Israeli firm spied on WhatsApp users via US servers: Facebook
In a shocking development, Facebook has accused Israeli security firm NSO Group of using servers located in the US to launch a coordinated spyware attack on hundreds of users of WhatsApp, its main messaging service. The claim comes as the social network tries to escalate the lawsuit it filed last year accusing the firm of targeting the unsuspecting users. Here's more about it.
First, a quick recap of the hack
Back in May 2019, a security company discovered that a critical vulnerability in WhatsApp was being exploited by NSO Group's Pegasus spyware. It found that the malicious program was being injected by the way of WhatsApp calls - even if you didn't answer - to spy on private, end-to-end encrypted conversations of several users of the messaging service.
Journalists, human-right activists among some 1,400 targets
WhatsApp patched the vulnerability soon after the discovery but went on to investigate the matter, which revealed evidence showing the direct involvement of NSO Group in the attack. After gathering enough details, the company filed a lawsuit accusing the firm of using its spyware to target over 1,400 people, including diplomats, political dissidents, journalists, and government officials.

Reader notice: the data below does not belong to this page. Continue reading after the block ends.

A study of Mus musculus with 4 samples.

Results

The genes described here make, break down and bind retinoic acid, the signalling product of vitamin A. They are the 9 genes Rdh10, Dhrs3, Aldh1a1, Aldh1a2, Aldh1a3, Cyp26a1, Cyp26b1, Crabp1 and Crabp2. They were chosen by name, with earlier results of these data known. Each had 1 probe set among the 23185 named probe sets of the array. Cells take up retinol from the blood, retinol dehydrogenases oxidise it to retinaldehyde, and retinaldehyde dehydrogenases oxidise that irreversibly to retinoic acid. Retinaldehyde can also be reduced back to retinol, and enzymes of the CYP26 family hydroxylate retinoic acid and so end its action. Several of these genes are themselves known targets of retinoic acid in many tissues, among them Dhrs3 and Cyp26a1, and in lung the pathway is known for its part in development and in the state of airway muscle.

Attempt to cover tracks not entirely successful, WhatsApp head said
"We are seeking to hold NSO accountable under US state and federal laws, including the US Computer Fraud and Abuse Act," WhatsApp head, Will Cathcart, had said in October, adding, "Their attempts to cover their tracks were not entirely successful."
US servers were used over 700 times
Now, adding more to the claims, WhatsApp has alleged that NSO Group used Los Angeles-based hosting service QuadraNet "more than 700 times" as well as an Amazon server to stage the attack and infect its users. However, it was not immediately clear if these hacks included those carried out against users in the US or those in other parts of the world, too.
NSO has repeatedly denied involvement
NSO Group, on its part, has maintained that its tech is given to government intelligence and law enforcement agencies to help them fight terrorism, not for use against activists/journalists. Additionally, the firm has also argued that the case, filed in the federal court in Oakland, California, should be thrown out as it has no business of any kind in California.
NSO says Pegasus cannot be used against US numbers
"NSO Group does not operate the Pegasus software for its clients, nor can it be used against US mobile phone numbers, or against a device within the geographic bounds of the United States," a company representative said while refuting WhatsApp's latest allegations.
NSO could face major problems
If WhatsApp's allegations are proven true and the involvement of American servers is confirmed, the lawsuit could move forward, creating major problems for NSO Group. Notably, the messaging giant's attorneys have also argued that the firm has not named a single country as its customer and there is no evidence that suggests it cannot be held responsible for the actions of its clients.